The average energy bill will cost families €2,177 a year. That is a bi-monthly bill of €363. Many will not be able to afford to pay these bills and put food on the table. So what can be done?
The Government’s response has been typically awful. It is letting data centres consume 15% of our electricity energy and these push up costs. It has given people €200 and promises to give more.
But these are once-off measures but, according to Eamonn Ryan, the energy price hikes will continue for at least two years.
Energy companies have profiteered massively, driving up bills and inflation in the process.
Take, for example, energy companies like ESB, Energia and SSE Airtricity. These all own wind farms that supply electricity to the wholesale market. According to the Commission for the Regulation of Utilities, these are earning SIX times as much as they earned in 2021.
Clearly, the energy companies’ profits should be taxed and redistributed. For example, the ESB group’s after-tax profits tripled in the first half of this year compared to the same period in 2021, reaching €390 million.
Many opposition parties have called for windfall taxes. People Before Profit said it months ago but the government denounced it.
Now even the Tories in Britain introduced windfall taxes and the EU says they will.
But what was radical a few months ago no longer suffices.
When governments impose a windfall tax, the big companies will just pass it on to consumers.
Moreover, the EU proposal for a windfall tax is pathetic. It will only last for six months
Price Reductions and Price Caps
So, we need something more: Price Caps.
The government should use its existing legal power to impose a price cap. That means that energy companies can only charge the price set back in February.
Sinn Féin has a proposal for reducing prices until the end of next February. Unfortunately, they plan to pay for this by using state funds to “subvent” (subsidise) energy company costs. Then they want to recoup some of this with a windfall tax.
People Before Profit’s alternative is to reduce and cap bills by forcing energy companies to lower their prices. Our ‘Price Controls Bill (2022)’ would use existing legislation to declare a cost of living emergency and force the Minister for Trade and Enterprise to then use emergency powers to set maximum prices.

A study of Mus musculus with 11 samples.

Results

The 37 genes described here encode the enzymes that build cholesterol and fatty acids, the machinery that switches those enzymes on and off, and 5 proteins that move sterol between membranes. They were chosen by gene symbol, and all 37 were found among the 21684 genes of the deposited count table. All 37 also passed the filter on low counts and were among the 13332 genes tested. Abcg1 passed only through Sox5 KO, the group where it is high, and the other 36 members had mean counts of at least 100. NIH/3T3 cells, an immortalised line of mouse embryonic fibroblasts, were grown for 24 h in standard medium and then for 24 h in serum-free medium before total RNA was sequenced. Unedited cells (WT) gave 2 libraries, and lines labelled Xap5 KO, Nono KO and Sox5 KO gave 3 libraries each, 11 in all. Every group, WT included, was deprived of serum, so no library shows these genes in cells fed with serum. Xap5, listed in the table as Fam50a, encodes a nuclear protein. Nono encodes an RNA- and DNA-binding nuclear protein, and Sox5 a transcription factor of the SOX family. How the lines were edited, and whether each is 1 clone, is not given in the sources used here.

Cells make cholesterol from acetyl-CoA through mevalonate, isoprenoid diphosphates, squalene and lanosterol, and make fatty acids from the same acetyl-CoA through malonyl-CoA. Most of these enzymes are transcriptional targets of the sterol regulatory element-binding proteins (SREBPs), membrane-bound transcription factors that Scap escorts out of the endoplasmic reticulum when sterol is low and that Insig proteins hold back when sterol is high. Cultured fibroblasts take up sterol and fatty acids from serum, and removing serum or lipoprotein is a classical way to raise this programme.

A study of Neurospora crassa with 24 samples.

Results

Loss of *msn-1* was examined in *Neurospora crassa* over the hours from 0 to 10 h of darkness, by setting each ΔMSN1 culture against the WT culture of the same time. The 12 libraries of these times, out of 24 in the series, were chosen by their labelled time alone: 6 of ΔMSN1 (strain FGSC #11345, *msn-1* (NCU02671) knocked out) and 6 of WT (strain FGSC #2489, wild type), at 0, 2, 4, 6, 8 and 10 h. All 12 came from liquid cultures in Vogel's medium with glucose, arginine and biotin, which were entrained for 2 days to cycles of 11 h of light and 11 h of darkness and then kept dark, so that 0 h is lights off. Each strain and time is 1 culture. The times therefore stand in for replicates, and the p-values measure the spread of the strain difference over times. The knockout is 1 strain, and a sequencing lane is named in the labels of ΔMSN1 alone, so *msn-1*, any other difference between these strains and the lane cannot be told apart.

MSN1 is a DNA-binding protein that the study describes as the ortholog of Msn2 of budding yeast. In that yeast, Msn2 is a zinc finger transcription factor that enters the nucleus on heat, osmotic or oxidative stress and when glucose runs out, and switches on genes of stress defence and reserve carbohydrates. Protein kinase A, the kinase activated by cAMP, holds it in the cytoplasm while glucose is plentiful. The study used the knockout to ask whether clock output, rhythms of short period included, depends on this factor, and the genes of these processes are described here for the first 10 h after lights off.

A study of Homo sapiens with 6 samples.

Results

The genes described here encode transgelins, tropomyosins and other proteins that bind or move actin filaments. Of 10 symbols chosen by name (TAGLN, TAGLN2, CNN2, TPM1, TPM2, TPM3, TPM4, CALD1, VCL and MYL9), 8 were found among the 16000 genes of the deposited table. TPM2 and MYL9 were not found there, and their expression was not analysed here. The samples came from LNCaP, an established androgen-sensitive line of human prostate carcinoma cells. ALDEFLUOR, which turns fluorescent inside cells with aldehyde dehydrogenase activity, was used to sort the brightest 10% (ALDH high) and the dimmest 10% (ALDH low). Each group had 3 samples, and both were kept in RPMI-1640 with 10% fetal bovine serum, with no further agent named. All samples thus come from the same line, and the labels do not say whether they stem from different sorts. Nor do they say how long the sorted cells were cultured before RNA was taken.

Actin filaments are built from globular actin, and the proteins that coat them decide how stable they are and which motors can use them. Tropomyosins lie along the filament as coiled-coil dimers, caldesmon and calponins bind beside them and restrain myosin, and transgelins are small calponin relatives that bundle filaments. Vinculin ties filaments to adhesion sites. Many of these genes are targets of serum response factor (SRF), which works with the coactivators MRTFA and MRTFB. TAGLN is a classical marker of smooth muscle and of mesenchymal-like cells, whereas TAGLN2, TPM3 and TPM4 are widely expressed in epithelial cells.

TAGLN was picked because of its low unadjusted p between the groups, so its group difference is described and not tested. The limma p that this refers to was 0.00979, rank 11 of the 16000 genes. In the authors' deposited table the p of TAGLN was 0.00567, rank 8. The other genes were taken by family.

Price caps will of course cut into the profits of these companies, and we do not propose giving them a subsidy. Instead, we have to go further and re-nationalise the electricity and energy sectors.
The reason should be obvious. You can’t control what you don’t own.
As Richard Boyd Barrett said back in 2013, “surely being able to produce our energy is the best way to exert some control over prices.” So far, no other opposition party has called for nationalisation.
People Before Profit have been consistent on this issue since our founding: energy should be publicly owned. It should be democratically controlled and run on the basis of need and not profit.
The whole policy of ‘liberalising‘ energy, whereby different private or for-profit companies generate electricity, while others buy it from those who operate a grid has been a disaster. It has led to dearer electricity
Before all this, the ESB produced the cheapest electricity in Europe for the domestic user. But then it was given a for-profit mandate and we got liberalisation. Even before the latest crisis, were paying for some of the most expensive electricity in Europe.
If we are serious about protecting people through this energy and cost of living crisis – and if we are serious about protecting our climate – nationalising our energy resources is paramount. Other measures are just sticking plasters, we need public ownership to have any real chance of sorting this crisis.